I read American Gods when it first came out and was amazed by what Neil Gaiman had done. I've been a Gaiman fan since his work on Sandman and understood that the core of his stories is almost always myth and storytelling. American Gods has these in spades.
This new recording, featuring a full cast, is actually very good. Some say that there is no life in the characters, but there is. It's set against the bleak backdrop of a war between gods old and new. It's set against the seeming non-involvement of the main character, Shaodow, who often seems to be along for the ride but ultimately acts as the one character the listener can relate to in a world filled with fantastical creatures called gods.
The first several times the cast interacts with the narrator can be jarring, but once the listener is used to the voices and the rhythm that builds over the first chapter or so, it becomes natural and the listener can get in to the story proper.
American Gods is dense. This edition has some 12,000 more words than previous editions. It is not a book to be taken lightly. It requires thought and it requires patience. Those willing to give it those things will find a solid, entertaining and thought provoking listen.
Metatropolis has some interesting ideas. It has some good stories and it has some not so good. The basic premise, create a future world in which cities have been forced to take new forms, is solid sf material. The way the stories that evolve from those cities is sometimes too preachy. Jay Lake's "In the Forests of the Night" is in this category. Yes, we get that the world ran out of resources. Yes, we get that Man is evil. Say it once, maybe twice, but don't keep beating us over the head with the rhetoric.
The other stories are somewhat better, with Elizabeth Bear's "The Red in the Sky is Our Blood" is being probably the best overall story. Bear manages to make the listener care about not only her main character but the secondary characters that she deals with as she moves through the plot.
The overall feel of the anthology is definitely cyberpunk. Or maybe eco-punk is the correct term. Not anything new, really, but each author has his or her own take and gives the world a slightly different feel.
Several other reviews have mentioned the slowness of the readers. This is true, especially in the first couple of stories. I had the feeling as I continued through the stories that this was at least somewhat intentional. The world of Metatropolis has slowed down and the the readers use the slower reading pace to reenforce the feeling of a slower, less frenetic feel.
Overall it's a good collection and worth a listen.
I went in to The Hunger Games set to be disappointed. I usually am when something gets as much hype as this has. The hype is well deserved. The story is very solid and well-told and the characters are engaging if occasionally a little wooden. There are certain cliches used to flesh out some characters but these work because Suzanne Collins uses cliches the right way. As a short hand way of showing who and what a character is. The actual Games, when they finally happen, are suspenseful and engaging and listeners will find themselves pulling for certain characters, loathing others and wanting to know more about others who show up all too briefly before their deaths.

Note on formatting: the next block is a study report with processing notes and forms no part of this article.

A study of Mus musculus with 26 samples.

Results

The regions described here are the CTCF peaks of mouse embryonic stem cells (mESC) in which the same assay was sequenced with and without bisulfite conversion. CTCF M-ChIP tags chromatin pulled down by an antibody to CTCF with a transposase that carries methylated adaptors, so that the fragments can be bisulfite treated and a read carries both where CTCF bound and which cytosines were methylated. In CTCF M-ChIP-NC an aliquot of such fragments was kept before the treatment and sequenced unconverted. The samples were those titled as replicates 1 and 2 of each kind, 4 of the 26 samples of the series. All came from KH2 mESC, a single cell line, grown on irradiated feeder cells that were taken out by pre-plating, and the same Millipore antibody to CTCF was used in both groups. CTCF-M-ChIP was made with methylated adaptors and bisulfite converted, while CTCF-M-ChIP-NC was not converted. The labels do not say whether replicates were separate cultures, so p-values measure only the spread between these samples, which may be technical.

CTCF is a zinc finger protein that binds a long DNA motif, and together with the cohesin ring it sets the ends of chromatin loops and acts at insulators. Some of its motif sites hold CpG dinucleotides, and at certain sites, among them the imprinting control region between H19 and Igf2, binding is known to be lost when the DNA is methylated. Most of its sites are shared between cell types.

Make no mistake, characters die in this book. Most of them in gruesome ways, though Collins is careful to keep the graphic nature of some deaths hidden, which allows the listener to imagine something even worse.
Still, the story progresses well and the climax is almost, but not quite, what the listener expects.
If there is any one thing that brings my rating down on this it is an annoying choice by the sound editors. To the author's credit, she avoids the use of "he says" and "I say" as much as possible in her first-person story. In print this is probably a joy to read. However, It feels as though the director had Carolyn McCormick say "I say", "he says" and "she says" one time each and then edited those in where necessary. Perhaps it's McCormick's reading but it honestly sounds like an edit every time I hear it and it's so jarring it pulls me out of the story.
Beyond that, McCormick does a good job with a fairly large cast of characters, both male and female. She does her best to make sure the listener can tell the difference between all of them in a scene. This is helped by Collins' decision to keep speaking roles in a scene down to no more than six at any given time, and usually less.
In all, The Hunger Games is good story for its intended audience and a solid read for anyone interested in a dystopian action-adventure story with strong young characters.
A collection of short stories raking place in the early years of Pern, including the initial survey of the planet, First Fall is a good listen overall. Unfortunately, the reader, Meredith MacRae, is bland and lifeless. All of the stories feature multiple characters and MacRae's reading and lack of inflection or characterization makes it difficult to follow who's who. Likewise, it's very difficult to differentiate between male and female characters as MacRae fails to alter her vocal pitch at all.
The stories themselves are well written, but the actual reading makes for a difficult and distracting listen.